View Full Version : [ubuntu] Multiple OS Configuration Needed - Install Suggestions Requested

July 26th, 2018, 04:18 PM
I recently learned of some software I need for work that was developed for W95/W98/W3.1. My laptop currently features Win7 Pro yet, I had planned to install Ubuntu on it for some time. However, now that I need to install and additional MSOS I wonder if this additional burden suggests I take an different path with my laptop (ThinkPad X201, 2.67 GHz Intel M560 i5, 8 GB RAM, 64-bit OS, 300 GB Hitachi HD).

I have prior experience performing similar actions on smaller Atom laptops and the distribution I used at the time(i.e., Bohdi) made this easy during installation (after Windows). Will Ubuntu act in a similar manner during the install? Given my current needs, should I consider a more compact distribution?

July 27th, 2018, 01:08 PM
Make a full system backup and try it. Have you considered using virtual machines? An i5 has plenty of CPU to make most programs run fine. The only trouble would be with high-end GPU programs and games. Office applications work nicely.

July 27th, 2018, 03:37 PM
Not until you mentioned this to be an option. I know of these (e.g. VMWare) yet, have never needed to consider this for my own use. Are you referring to any particular application? Solid, known good software is best followed closely by freeware if feasible.

July 27th, 2018, 06:27 PM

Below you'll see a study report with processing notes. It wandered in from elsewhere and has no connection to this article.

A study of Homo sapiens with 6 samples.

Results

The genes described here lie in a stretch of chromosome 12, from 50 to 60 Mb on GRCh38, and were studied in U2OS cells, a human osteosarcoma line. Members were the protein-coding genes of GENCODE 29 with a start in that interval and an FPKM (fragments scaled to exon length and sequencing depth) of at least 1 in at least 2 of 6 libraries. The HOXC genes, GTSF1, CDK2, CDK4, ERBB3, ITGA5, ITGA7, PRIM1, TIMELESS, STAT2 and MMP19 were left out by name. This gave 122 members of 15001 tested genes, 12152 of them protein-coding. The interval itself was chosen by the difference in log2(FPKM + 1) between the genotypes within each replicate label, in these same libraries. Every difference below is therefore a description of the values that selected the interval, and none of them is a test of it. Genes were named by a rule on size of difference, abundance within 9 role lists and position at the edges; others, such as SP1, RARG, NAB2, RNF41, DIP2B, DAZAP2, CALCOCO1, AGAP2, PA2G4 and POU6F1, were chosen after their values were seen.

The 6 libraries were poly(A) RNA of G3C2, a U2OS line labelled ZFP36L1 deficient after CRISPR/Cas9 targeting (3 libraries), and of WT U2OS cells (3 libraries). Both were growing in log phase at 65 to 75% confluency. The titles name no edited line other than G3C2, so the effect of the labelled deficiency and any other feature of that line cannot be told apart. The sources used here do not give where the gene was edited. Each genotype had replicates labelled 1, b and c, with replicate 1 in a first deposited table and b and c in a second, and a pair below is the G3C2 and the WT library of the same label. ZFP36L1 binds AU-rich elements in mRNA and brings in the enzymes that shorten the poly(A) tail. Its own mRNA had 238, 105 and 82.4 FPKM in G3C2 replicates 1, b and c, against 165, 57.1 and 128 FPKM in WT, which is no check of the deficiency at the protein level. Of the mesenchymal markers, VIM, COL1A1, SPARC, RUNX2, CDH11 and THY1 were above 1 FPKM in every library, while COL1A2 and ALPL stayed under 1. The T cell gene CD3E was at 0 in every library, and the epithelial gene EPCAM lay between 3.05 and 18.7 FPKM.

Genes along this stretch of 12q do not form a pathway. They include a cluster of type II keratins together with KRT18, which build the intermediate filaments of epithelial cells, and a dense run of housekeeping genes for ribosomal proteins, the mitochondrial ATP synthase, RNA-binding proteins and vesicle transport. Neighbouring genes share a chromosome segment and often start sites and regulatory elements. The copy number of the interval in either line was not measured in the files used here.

You really are new. On Linux, it is highly unusual NOT to use F/LOSS software. Commercial software isn't really used, especially by end-users. The F/LOSS tools are usually better or the basis for commercial tools.

For desktop-on-desktop, the most popular F/LOSS choice is virtualbox. Use a PPA to install it.
I would avoid VMware anything. My company used to deploy using ESX and ESXi, but that all changed when VMware management decided to screw around with their pricing. These days, the commercial solutions aren't actually better than the F/LOSS answers.

If you want more capabilities, stability and better performance at the cost a little more complexity, KVM+QEMU is built as part of the Linux kernel. This is the same technology used by Amazon, NASA, Linode and others. It is enterprise scale or 1 computer ready.

But most non-technical people should probably start with virtualbox.

You will need legal licenses for whatever OS you want to run inside the virtual machine. Nothing can change that requirement ... er ... except using a F/LOSS OS instead of a commercial one.